The Lope: Countryside Illinois on Route 66

Wednesday, November 21, 2007

Countryside Illinois on Route 66

Last July (2006), my lovely significant other and I voyaged down almost all of Illinois Route 66, including most of the variant routes. This created such a massive influx of photos that I more-or-less choked on them as far as doing a linear set of posts like I did for Route 66 in California, and have only been cherry-picking from them ever since.

We did make some nice finds, though.

50 Years of The Flame

I tend to judge restaurants - especially steakhouses - on the degree to which they look like the swankier places my parents might have visited back in the day before Sirloin Stockade was the steak place in most towns. I've been lucky enough to enjoy a few places that live up to my quasi-rat pack standard, including the Cattleman's Cafe in Oklahoma City, Zeno's in Rolla, Missouri, and Rod's in Williams, Arizona.

I have dim memories of Keller's Barbecue and Lee's Steakhouse on Route 66 in Joplin and I long for a night out in their mid-century splendor - never mind that my nostalgia conveniently forgets that such places would almost certainly be too smoky for me to enjoy.

One place I've visited that I'd really like to investigate further is The Flame restaurant in Countryside, Illinois, which will be 50 years old next year.

I should note that although The Flame's website lists it as being in Countryside, the United States Post Office lists its zip code as belonging to La Grange. La Grange is best known to railfans as the home of General Motors' Electro-Motive Division, the birthplace of so many classic diesel locomotives.

Back to The Flame - I'm coming to regard custom front door handles on a restaurant as a good sign. The Cattleman's Cafe in OKC, and Bali Hai in San Diego also have distinct door handles, particular to their specialities.

I should state right off that we did not eat at The Flame, we merely stopped for photos and sodas as we'd eaten so many places that day by the time we ran across it. Too bad, really.

But that's Illinois 66 for you. Indeed, I think of all the Route 66 states, Illinois seems to me to be the one you eat your away across to the greatest degree. The day we stopped at the Flame, we'd already eaten at Lou Mitchell's, Snowflake Drive-In and Snuffy's Grill. Truly, that day we ate no mediocre meals.

The Flame's decor is a mix of original features dating from 1949, and additions from the late 1960s and 1970s, according to several managers with whom I spoke. If I obtain more detailed information, I'll add it here.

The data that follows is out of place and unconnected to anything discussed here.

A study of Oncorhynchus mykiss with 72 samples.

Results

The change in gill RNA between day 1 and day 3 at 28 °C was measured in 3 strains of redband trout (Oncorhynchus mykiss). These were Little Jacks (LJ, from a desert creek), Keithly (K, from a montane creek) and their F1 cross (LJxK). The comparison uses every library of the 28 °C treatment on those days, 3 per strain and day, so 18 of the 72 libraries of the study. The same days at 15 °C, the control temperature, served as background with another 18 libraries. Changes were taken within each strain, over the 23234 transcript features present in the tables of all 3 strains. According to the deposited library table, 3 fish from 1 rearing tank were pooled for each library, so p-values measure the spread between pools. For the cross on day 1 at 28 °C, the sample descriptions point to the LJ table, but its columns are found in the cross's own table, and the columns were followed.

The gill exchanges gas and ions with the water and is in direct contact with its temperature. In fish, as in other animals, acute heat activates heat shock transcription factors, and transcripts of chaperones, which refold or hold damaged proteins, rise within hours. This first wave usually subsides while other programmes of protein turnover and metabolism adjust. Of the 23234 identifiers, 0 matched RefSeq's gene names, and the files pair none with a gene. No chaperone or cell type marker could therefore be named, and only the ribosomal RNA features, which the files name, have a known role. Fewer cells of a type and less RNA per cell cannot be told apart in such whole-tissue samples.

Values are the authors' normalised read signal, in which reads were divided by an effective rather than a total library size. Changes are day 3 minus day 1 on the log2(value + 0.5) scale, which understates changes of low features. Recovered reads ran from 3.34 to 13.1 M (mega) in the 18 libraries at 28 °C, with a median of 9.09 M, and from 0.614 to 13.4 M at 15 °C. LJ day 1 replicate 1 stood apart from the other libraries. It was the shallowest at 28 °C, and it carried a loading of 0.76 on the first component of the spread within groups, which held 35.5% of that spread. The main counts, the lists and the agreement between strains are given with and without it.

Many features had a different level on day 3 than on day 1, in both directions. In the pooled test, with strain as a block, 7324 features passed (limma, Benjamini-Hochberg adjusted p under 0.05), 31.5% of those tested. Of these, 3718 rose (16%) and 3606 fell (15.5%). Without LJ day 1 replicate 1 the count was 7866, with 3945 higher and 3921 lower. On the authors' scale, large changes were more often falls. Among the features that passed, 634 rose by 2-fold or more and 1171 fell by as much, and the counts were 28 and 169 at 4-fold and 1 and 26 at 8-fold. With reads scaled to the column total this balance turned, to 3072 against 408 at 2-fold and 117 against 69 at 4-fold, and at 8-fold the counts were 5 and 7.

General Manager Lauri Galanti was happy to allow us to roam with a camera. Here she is with Ace Jackalope and frequent customer Ray Hanzelin.

The bar lighting is subdued with lots of light-strew vine-like stuff.

This huge end of a keg dominates a wall over the bar.

This banquet room is one of the additions. It looks very 1970s to me.

I was fascinated by the big metallic sunburst.

The restaurant has a definite mid-20th century feel.

There are nice little touches here and there.

Across Brainard Avenue from The Flame, you can see the sign for the Wishing Well Motel, another Route 66 institution.

No More Wishes at the Well

Yesterday via phone, I asked two Flame managers about the much-beloved but recently plagued motel across the street, and was told that demolition of it had begun in earnest last week. One literally looked outside and told me "they're tearing it down even as we speak."

This was no surprise; the place was for sale when we were there in July of 2006, and Flame employees had told me that since Wishing Well owner Zora Vidas had passed away, there had been no parties interested in running the place as a motel. Part of it had even caught fire since then. Route 66 news has carried periodic updates on the story of the motel's demise.

I believe this sign is a replacement for an earlier one. Read a bit about the history of the 1941-vintage former motor court at Kathleen J. Miller's website.

As of the afternoon of November 20, the wishing well itself was intact, according to Flame employees.

Now this is funny. I pointed the camera through a wire grid and down the well that day last July, and shot a flash picture into the inky darkness of the well. Why? Because sometimes it's fun to photograph stuff you can't even see.

Anyway, months later I was looking at these photos and noticed what looked initially like the lower half of some unfortunate person, still clad in their jeans. More likely, it's the remains of a Halloween dummy, posed coming out of the well but doomed to reside in it. I should note that I didn't smell anything odd.

Who knows? - it might stay in there long after the well is filled (if it ever is) - a fun little find for some future archaeologist probing the cultural engine that was, and is, Route 66.

This geodesic house has nothing to do with The Flame or the Wishing Well, but I'm throwing it in anyway, as I'm a sucker for geodesic structures and I see few of them along Route 66 outside of Arizona. There were several of them just to the East of the Wishing Well.